Technical training provider the Artisan Training Institute (ATI) has announced the acquisition of the De Beers’ technical training campus (DBTTC) in a transaction that will bring new economic activity to the Northern Cape province.
ATI, one of the leading training institutions in South Africa, is strongly positioned to develop the DBTTC, ensuring an increase in the throughput of trained artisans in the region, and the future operation of the facility. Like most emerging markets, South Africa is under pressure to train more artisans.
Registered engineering apprentices have decreased radically over the past five years, from approximately 30,000 in 2015/16 to approximately 10,000 youth in training currently.
Sean Jones, managing director of ATI, says the acquisition of the new campus will play a critical role in reigniting opportunities for youth in the Northern Cape.
“We are delighted that the De Beers group has put its trust in ATI to continue the excellent track record of producing skilled artisans at an internationally accredited level at the campus,” says Jones.
ATI has been working closely with government and private sector partners to expand its technical training offering to create new pathways for youth to enter the job market. Subsequently, the institute has outlined plans to implement youth development initiatives as part of the transaction.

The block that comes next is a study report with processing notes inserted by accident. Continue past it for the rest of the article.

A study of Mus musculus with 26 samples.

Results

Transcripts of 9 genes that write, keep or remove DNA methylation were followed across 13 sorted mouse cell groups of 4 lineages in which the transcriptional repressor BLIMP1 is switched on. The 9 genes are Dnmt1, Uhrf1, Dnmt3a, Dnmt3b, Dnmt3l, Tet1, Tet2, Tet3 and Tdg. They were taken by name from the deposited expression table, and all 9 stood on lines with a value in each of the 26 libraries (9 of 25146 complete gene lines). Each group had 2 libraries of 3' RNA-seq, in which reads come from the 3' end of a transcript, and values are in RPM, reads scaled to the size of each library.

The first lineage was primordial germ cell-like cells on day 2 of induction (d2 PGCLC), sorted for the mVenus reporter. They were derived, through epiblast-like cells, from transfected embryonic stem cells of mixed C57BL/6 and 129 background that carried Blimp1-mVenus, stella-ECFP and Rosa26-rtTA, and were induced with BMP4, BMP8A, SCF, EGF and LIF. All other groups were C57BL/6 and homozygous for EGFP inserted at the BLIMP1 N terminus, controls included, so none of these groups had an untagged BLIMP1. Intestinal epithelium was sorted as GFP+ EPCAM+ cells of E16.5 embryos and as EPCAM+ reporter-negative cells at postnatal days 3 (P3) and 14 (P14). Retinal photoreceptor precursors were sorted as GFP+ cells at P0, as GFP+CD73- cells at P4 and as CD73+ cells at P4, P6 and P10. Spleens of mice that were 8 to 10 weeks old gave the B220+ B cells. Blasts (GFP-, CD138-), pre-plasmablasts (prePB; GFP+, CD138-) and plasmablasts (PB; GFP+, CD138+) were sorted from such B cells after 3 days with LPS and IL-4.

ATI has successfully piloted a mid-level skills programme for Harambee, a leading non-profit organisation focusing on creating livelihoods for youth. The Installation Repair and Maintenance (IRM) programme bridges the gap between engineering theory and work readiness.
ATI plans to roll out the IRM programme at the Kimberley facility.
“This approach creates new revenue streams for the centre, making use of some of the vacant workshops and bolstering its corporate social responsibility commitments within the Northern Cape,” says Jones.
Both the De Beers facility and ATI have a long history and reputation for delivering quality technical training in South Africa making the transaction a logical fit. The two operations service similar customers in mainly the mining, engineering, transport, construction, government, and agricultural industries.